José Ramírez IV - 1953-2000

 

José Ramírez IV 1953 – 2000


 

José Enrique Ramírez García (José Ramírez IV) was born in Madrid in May 1953. He entered the workshop in 1971, when he was 18, as an apprentice and in 1977 he reached the level of luthier first class. In 1988 he took charge of the management of the company together with his sister Amalia.

One of the first things he did was to define the models they had been making up until then, as a result of changes in the taste for sound of some guitarists in the mid-80s.

In 1979 he received some valuable recognition. Among various guitars he had chosen to take to the maestro Segovia was one he, José Ramírez, had made – two years after attaining the level of luthier first class in his father’s workshop. The fact that Segovia chose his guitar without knowing it had been made by him was a great surprise to him and very satisfying. Such was the happiness of the young guitar maker that he gave it to him as a present and enthusiastically wrote a dedication which he signed and glued in place next to the label. The maestro played this guitar in many of his concerts until the end of his life, as recorded in a letter the maestro wrote to the musician.
In 1991 he continued working on a guitar which had the same sound characteristics as in the 1960s and called it the ‘Traditional Model’. He also started a project for a new guitar with a different design which gave a clearer and more direct sound which aligned with the new trends and which he called the ‘Special Model’ which was definitively finished in 1992.

José Ramírez IV occupied himself with detailing, developing and perfecting his father’s models, adapting them to the current needs of the musicians. He also developed new construction techniques to make the instruments more comfortable and easier to play and more stable in their construction, in some cases avoiding, and in other cases reducing, the risk of deformities caused by movement of the wood.
Another important chapter is that of the Studio guitars, aimed at beginners, students and musicians who wanted to amplify their instruments. We have to point out in José Ramírez I’s times these guitars were sold in guitar shops as alternatives to handmade instruments which were obviously more expensive and of a much higher quality.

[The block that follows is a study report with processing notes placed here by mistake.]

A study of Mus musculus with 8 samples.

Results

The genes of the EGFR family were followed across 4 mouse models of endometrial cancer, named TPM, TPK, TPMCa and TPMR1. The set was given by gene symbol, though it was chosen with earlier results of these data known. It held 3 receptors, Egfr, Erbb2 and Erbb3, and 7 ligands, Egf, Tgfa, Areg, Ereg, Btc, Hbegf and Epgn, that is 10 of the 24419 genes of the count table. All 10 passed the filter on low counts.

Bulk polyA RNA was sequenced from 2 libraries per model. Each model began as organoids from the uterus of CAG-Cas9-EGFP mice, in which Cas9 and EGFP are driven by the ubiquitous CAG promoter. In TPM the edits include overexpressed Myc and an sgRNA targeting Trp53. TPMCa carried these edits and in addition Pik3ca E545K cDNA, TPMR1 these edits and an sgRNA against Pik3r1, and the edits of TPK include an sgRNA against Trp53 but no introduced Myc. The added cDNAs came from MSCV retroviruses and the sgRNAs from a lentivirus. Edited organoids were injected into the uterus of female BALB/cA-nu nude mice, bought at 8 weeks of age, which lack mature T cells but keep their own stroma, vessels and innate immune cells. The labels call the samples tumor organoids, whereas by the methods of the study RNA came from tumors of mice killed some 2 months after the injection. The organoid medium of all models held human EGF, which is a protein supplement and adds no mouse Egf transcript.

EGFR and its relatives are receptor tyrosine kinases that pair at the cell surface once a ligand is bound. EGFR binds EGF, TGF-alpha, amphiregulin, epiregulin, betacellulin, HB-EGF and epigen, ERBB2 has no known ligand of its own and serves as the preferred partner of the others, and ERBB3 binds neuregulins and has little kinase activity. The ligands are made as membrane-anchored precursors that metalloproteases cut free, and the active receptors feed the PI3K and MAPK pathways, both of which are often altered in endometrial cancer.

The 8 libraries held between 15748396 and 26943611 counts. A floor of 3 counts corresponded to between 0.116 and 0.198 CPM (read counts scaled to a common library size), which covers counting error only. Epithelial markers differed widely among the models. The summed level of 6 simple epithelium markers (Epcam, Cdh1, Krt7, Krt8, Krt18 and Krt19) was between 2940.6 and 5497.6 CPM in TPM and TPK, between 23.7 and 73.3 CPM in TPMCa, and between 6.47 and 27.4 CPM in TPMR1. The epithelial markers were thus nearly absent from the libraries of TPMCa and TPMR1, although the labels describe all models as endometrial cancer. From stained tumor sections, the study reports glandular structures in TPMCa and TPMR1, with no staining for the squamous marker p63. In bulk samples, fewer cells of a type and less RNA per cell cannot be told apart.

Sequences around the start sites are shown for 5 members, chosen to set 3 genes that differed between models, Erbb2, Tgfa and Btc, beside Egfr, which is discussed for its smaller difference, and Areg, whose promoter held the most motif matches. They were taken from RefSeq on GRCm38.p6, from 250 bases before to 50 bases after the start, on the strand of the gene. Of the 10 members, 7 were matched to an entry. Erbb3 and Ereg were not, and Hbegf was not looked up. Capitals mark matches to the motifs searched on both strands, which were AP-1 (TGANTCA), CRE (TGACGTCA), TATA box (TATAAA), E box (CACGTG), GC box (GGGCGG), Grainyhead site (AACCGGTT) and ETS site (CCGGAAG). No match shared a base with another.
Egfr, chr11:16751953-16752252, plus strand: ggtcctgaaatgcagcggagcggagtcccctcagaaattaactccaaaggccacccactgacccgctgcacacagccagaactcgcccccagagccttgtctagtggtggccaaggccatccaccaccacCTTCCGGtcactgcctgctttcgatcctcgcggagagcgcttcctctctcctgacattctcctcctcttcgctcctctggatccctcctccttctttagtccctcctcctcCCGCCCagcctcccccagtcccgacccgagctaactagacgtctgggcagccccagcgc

At the beginning he did not put his own label inside them but later realised his mistake because people came to him with complaints about guitars which hadn’t been sold in his shop but, because they had no label in them, he couldn’t counter the claims of the customers. Therefore he finally had some labels made which were totally different from those placed inside professional models, which solved the problem.

As for José Ramírez II, not only did he continue selling Studio guitars made in series, he also designed other models constructed by some of the best makers in the Valencia region at the time. José Ramírez III, like his grandfather, wasn’t a fan of studio guitars and therefore was not concerned with the gradual disappearance of his father’s designs.

However, José Ramírez IV did not think this way. He was very conscious of the importance these guitars had as beginners, students and musicians who wanted an amplified guitar had a guarantee of quality backed by the House of Ramírez. His maxim was based on the fact that someone who was just beginning should not (and generally could not) start with a professional guitar so he had to think of an instrument which was reasonably priced, of good quality and pleasing to play. This line of instruments was very well received as a starting point and stepping stone towards a professional guitar.

Musicians who need amplification when playing in a group would also find this a less risky option with one of these guitars than carrying out the same process on a handmade guitar. Thus in 1986 he convinced his father to design a range of studio guitars called ‘E’ with him, made exclusively for Ramirez with a special selection of woods.

Later, in 1991, to coincide with the changes made to the handmade guitars, José Enrique designed another studio range, cheaper than the previous one and called it ‘R’, based on the template of the C86 professional model.